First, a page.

Romain Grosjean has labelled the decision to demote Daniil Kvyat from the Red Bull Racing team as 'harsh', but admits it is an ideal opportunity for his replacement Max Verstappen to prove himself.

Eighteen year-old Verstappen will make his Red Bull debut at this weekend's Spanish Grand Prix, replacing Kvyat - who heads back to Toro Rosso -, the Russian losing favour amongst management after causing an accident last time out in Sochi that ruined his, team-mate Daniel Ricciardo and Sebastian Vettel's races.

However, coming just two races after Kvyat was hailed for his accomplished drive to the podium in the Chinese Grand Prix, though Grosjean accepts this is a great opportunity for the young Dutchman, it is still a 'harsh' move.


"On the other hand, it gives a very good chance to Max. He's very young and now he is having a seat in a top team. It's a bit Formula 1. You need to get someone's seat to get a good seat."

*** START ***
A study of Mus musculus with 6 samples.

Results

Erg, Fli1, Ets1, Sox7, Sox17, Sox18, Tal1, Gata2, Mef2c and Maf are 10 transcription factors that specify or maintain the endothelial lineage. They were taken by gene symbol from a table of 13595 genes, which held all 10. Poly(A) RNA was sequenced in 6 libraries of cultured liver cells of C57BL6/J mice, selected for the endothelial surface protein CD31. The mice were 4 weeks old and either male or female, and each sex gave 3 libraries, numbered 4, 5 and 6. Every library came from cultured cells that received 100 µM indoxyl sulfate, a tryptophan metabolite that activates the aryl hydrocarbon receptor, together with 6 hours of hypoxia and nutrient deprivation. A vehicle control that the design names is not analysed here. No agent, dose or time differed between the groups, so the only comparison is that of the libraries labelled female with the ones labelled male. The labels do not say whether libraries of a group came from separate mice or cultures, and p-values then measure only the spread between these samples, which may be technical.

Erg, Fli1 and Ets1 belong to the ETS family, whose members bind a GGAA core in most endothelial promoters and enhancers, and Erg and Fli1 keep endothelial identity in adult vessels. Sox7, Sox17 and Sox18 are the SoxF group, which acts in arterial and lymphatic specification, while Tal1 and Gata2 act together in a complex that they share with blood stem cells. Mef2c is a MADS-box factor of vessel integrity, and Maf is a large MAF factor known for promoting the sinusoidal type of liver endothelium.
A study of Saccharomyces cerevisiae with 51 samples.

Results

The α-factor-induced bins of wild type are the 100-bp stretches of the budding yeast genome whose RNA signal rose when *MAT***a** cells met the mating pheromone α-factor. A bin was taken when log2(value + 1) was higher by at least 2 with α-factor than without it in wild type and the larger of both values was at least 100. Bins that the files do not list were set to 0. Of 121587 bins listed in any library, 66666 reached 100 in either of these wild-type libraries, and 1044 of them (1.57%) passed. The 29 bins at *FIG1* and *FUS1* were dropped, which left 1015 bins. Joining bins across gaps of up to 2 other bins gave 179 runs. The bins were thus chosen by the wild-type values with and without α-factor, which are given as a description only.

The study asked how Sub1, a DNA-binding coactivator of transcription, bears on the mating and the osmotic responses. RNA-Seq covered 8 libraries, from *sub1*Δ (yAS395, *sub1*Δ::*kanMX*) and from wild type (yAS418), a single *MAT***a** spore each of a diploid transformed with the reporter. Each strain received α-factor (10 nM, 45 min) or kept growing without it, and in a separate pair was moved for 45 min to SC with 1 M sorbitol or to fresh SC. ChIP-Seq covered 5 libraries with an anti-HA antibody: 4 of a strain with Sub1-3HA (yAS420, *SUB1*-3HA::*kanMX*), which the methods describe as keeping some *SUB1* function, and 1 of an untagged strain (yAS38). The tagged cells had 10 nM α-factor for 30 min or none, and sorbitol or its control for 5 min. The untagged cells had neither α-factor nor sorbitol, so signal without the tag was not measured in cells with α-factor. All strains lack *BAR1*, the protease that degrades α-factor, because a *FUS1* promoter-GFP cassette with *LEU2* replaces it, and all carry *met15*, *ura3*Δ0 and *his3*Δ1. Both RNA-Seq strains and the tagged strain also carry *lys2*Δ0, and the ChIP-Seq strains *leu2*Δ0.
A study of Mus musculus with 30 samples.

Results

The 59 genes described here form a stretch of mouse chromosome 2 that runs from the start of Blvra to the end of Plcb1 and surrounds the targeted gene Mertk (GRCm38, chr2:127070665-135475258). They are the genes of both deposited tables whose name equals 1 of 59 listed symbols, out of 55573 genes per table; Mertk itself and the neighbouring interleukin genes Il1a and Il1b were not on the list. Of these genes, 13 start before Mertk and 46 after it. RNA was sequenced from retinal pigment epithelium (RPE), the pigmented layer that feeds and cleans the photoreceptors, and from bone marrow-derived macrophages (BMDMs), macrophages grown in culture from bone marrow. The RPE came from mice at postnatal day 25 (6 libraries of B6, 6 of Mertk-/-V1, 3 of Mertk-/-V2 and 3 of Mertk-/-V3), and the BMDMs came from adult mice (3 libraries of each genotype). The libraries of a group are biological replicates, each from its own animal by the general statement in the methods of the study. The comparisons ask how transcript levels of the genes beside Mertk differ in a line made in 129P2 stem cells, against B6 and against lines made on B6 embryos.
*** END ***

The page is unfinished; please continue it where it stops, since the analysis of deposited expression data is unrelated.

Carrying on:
For Grosjean, the situation bears hallmarks of the accident he infamously triggered at the start of the 2012 Belgian Grand Prix, for which the Frenchman was given a one-race ban. However, despite the suspension, the Lotus team remained committed to him for another three years, Grosjean saying the seriousness of his situation prompted him to 'get his s**t together'.

"I was either going back home or getting my shit together. In the end, it's great Toro Rosso and Red Bull has two teams so yes you can swap drivers. Daniil has only had one year in F1 then went straight to Red Bull for a year and then four more grands prix.

"Same with Max, he's only on one year and the four grands prix with Toro Rosso and then he goes to a big team. it's probably different. I think it's Franz [Tost] who says you need three years to be up to and ready to go to a big team. We're all different but it's easier to start in a smaller team then a big team."